Metro Mayor of Limerick: ‘I made no effort to influence gardai’

Nick Rabbitts

Reporter:

Nick Rabbitts

Statement: Metropolitan Mayor of Limerick Cllr Jerry O'Dea
METROPOLITAN mayor Jerry O’Dea has insisted he “made no effort to influence the gardai” as controversy over his involvement in a road accident continues.

METROPOLITAN mayor Jerry O’Dea has insisted he “made no effort to influence the gardai” as controversy over his involvement in a road accident continues.

In a statement released to the Leader, the Fianna Fail councillor said he “very much regrets the incident” and “apologises for any controversy caused” after an investigation was launched into why local officers failed to follow up on the accident.

A report in The Sunday Times alleged Mayor O’Dea contacted gardai in advance of his election as metropolitan mayor seeking clarification on whether he was likely to be charged with a criminal offence.

In a short statement released after the claim was made, Cllr O’Dea said he considered the matter closed.

But following widespread calls on the mayor to make a fuller statement – including most notably from Fianna Fail leader Micheál Martin – he made further comments this Wednesday. Referring to the incident in December 2014, the City East councillor said he swerved to avoid another car.

His vehicle, he said, overturned, and the gardai and fire service attended the scene.

“No-one was injured in this accident apart from myself,” he added. “I want to reiterate and emphasise I co-operated fully with the gardai at all times and I made no effort to influence the gardai whatsoever.”

The mayor did confirm that he made an approach to the gardai “about the status of the accident” before he was elected mayor of Limerick’s metropolitan district.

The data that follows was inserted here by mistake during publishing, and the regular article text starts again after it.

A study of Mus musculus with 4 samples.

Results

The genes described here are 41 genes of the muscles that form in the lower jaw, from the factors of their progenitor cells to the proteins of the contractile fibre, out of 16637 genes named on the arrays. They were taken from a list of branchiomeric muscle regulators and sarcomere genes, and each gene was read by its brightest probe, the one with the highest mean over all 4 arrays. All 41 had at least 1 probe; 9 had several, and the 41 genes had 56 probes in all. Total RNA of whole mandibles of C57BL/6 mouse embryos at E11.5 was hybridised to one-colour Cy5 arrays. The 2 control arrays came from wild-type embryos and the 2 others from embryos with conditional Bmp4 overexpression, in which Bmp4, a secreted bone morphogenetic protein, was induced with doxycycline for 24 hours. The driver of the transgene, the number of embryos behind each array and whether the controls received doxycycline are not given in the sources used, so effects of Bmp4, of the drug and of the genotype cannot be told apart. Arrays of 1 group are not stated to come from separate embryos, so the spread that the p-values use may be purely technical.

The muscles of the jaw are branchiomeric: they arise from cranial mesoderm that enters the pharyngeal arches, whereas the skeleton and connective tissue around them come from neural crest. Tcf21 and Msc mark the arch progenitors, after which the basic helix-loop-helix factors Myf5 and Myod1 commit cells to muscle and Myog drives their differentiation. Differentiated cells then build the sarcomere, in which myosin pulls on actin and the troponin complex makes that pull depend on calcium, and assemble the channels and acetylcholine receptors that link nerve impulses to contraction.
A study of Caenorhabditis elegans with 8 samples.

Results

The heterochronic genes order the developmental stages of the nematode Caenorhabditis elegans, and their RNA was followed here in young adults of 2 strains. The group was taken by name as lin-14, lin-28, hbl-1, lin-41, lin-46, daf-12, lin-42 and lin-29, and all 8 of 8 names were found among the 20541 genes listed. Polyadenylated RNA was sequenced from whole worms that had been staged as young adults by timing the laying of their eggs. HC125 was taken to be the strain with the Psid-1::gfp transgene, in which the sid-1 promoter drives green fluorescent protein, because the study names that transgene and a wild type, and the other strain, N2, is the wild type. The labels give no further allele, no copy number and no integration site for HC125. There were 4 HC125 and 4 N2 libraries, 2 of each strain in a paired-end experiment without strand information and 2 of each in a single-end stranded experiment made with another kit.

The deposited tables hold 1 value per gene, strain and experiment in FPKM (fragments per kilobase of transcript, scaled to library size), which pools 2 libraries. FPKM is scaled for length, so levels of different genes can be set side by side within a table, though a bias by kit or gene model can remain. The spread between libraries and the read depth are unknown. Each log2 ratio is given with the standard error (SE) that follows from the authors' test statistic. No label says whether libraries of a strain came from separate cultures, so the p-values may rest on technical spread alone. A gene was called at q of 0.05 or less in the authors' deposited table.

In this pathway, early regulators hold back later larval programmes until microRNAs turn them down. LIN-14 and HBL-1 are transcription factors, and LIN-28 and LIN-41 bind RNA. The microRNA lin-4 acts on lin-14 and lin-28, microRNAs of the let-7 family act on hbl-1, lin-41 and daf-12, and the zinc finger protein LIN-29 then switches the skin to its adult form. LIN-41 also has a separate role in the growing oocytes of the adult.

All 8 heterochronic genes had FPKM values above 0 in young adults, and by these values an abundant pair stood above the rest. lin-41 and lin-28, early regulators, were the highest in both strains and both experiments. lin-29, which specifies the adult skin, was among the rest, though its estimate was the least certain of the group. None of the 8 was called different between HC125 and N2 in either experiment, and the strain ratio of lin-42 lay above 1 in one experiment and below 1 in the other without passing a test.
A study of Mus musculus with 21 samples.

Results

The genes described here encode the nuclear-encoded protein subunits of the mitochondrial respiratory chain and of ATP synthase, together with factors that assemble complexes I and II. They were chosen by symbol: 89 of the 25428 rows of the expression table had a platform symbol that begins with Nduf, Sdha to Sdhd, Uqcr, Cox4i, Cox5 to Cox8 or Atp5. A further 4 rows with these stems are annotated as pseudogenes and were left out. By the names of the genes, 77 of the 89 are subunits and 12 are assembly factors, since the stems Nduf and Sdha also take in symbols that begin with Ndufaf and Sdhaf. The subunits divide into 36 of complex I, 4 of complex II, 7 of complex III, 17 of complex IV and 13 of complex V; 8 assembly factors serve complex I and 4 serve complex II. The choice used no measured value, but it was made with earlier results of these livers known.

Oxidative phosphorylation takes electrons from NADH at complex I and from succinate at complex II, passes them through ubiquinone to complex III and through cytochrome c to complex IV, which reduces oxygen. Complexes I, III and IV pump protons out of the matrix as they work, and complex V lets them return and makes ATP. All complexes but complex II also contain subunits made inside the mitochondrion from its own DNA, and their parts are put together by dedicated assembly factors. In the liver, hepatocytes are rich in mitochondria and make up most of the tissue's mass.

“I understood that there would be no proceedings in relation to this matter,” he added.

He said the internal investigation ordered should be allowed to be completed.

“I very much regret the incident and unreservedly apologise for any controversy caused,” Cllr O’Dea concluded.

It remains to be seen whether the comments satisfy those who have called for clarity, including the local leader of Fine Gael councillor John Sheahan, Sinn Fein’s Maurice Quinlivan, and Cian Prendiville of the Anti-Austerity Alliance (AAA).

Cllr Quinlivan says there is “huge disquiet” on the streets of Limerick, and “the office of mayor has definitely been damaged by this.”

Cllr O’Dea may still face a motion of no confidence from the opposition parties, with Cllr Prendiville indicating he will seek the support of other members to call a special meeting to discuss Cllr O’Dea’s future.

To do this, he needs six other councillors to support him, and the meeting must take place within 21 days.

Fianna Fail is maintaining that as Cllr O’Dea has not done anything illegal, it will continue to support him.

It is understood only two Fianna Fail metropolitan district members have sought his resignation, and there is otherwise broad support.

One party councillor – who did not wish to be named - said this Wednesday that the allegations against Cllr O’Dea “seem to be politically motivated”.

“It is widely accepted Jerry is doing a good job as mayor, and someone wants to take him out,” the councillor said.

The Leader was also led to understand there are just a handful of Fine Gael representatives orchestrating a campaign to have the mayor removed.

But a Fine Gael source disputed this, saying: “We held a group meeting yesterday, and the impression I got it was more than one or two.”

Many councillors have declined to publicly comment on the situation.

However, Mayor of Limerick City and County Liam Galvin said: “In my opinion, Jerry O’Dea is innocent until proven guilty, and that remains my stance”.

Independent councillor John Gilligan added: “He has not been convicted of anything as far as I am aware. I have never set myself up as judge and jury on a personal basis.”